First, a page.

The house at 85-15 Wareham Place in Queens, New York, lacks the gilded furniture, glittering chandeliers and other over-the-top opulence of Donald Trump’s Fifth Avenue penthouse or $200 million Mar-a-Lago estate, but it may have a greater historical significance for the Republican presidential nominee: It’s where he got his start in life.
The brick-and-stucco mock-Tudor property can be yours, too – but you’ll probably have to wait until after the presidential election next month, as the auction has been postponed.
The two-story Tudor-style home in the Jamaica Estates neighborhood of Queens was to hit the auction block Wednesday evening with an opening bid of $849,000, but Paramount Realty, which coordinated the auction, says the sellers decided they wanted to allow prospective bidders more time to evaluate the property.
Paramount says the auction likely will be held later this year after the election.
Trump’s father, real estate developer Fred Trump, built the house around 1940, said Misha Haghani, managing principal at Paramount Realty USA, which is handling the auction with another local real estate firm. He believes Donald lived there from his birth in 1946 until about 1950. The Trumps later moved around the corner.
The current owners are Manhattan restaurateurs Isaac and Claudia Kestenberg, who bought the property in 2008 for $782,500 and are selling it as part of divorce proceedings.
The dwelling is in the tony Jamaica Estates neighborhood in eastern Queens, which mostly consists of one-family homes that can easily top $2 million.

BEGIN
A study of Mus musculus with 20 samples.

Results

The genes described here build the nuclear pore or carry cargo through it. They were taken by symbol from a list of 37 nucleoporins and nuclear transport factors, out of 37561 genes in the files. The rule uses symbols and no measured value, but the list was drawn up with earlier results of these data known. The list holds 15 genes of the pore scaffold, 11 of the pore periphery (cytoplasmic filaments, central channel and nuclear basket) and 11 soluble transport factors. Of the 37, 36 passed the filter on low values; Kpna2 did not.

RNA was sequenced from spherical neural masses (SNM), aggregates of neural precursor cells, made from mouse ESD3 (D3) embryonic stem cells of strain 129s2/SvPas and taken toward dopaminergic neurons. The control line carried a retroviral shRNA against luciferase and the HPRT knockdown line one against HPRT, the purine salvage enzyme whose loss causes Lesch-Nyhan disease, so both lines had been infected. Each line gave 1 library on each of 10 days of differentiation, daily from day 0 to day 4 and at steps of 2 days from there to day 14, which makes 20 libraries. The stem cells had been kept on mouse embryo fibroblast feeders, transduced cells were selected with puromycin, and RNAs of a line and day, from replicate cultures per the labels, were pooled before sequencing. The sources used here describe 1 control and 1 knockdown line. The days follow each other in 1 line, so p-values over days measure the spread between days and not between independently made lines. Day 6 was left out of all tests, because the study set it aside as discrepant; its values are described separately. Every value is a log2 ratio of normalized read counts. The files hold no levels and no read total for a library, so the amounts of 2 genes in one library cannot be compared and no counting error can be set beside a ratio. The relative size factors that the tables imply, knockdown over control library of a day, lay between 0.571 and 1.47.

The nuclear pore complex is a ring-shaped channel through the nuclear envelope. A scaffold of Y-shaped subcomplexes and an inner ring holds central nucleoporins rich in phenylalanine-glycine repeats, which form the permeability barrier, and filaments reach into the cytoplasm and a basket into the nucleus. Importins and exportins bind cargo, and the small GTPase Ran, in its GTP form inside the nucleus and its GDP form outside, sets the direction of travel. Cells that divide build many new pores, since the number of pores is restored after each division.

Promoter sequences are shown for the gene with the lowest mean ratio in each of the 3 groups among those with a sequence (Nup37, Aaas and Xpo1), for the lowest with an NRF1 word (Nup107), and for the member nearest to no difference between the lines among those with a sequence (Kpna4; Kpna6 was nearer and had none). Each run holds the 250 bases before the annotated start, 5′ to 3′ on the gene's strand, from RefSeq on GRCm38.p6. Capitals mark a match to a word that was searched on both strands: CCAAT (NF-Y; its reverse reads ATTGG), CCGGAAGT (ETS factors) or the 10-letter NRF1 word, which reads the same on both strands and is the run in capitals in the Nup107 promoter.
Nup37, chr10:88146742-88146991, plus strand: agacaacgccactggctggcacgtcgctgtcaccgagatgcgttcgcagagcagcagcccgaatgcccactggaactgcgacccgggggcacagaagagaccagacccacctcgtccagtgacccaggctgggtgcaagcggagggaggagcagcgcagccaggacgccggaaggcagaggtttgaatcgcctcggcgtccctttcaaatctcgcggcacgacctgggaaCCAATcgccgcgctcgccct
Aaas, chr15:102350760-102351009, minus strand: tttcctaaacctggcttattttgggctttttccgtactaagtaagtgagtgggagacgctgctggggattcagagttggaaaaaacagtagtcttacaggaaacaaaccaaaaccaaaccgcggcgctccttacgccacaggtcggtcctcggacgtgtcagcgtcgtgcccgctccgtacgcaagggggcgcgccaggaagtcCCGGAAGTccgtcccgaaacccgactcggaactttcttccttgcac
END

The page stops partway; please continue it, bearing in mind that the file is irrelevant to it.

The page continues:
Despite the leafy environs, the house doesn’t seem to have prompted the kind of bidding wars common in New York City’s inflated housing market. It was originally listed at $1.65 million, but the price was cut to $1.39 million in August.
So what do you get for your money? Certainly, the house is a far cry from the gaudy condos, resorts and other temples of material excess Trump is associated with in his real estate ventures, especially given that his father’s fortune was estimated at $250 million to $350 million when he died in 1999.
But it looks comfortable and homey, perhaps bespeaking a time when even the fabulously wealthy felt a measure of constraint on their consumption. The house has five bedrooms, 4.5 bathrooms, eat-in-kitchen, formal dining room, fireplace, screened patio, den, finished basement, hardwood floors galore, and a two-car detached garage, among other features. And – head’s up, New Yorkers – nearby access to the city subway system’s E and F trains.
Potential buyers get one more thing that might be near-and-dear to Trump’s heart: proof he lived there. Auction documents include a copy of his birth certificate showing that the home belonged to his parents when he was born.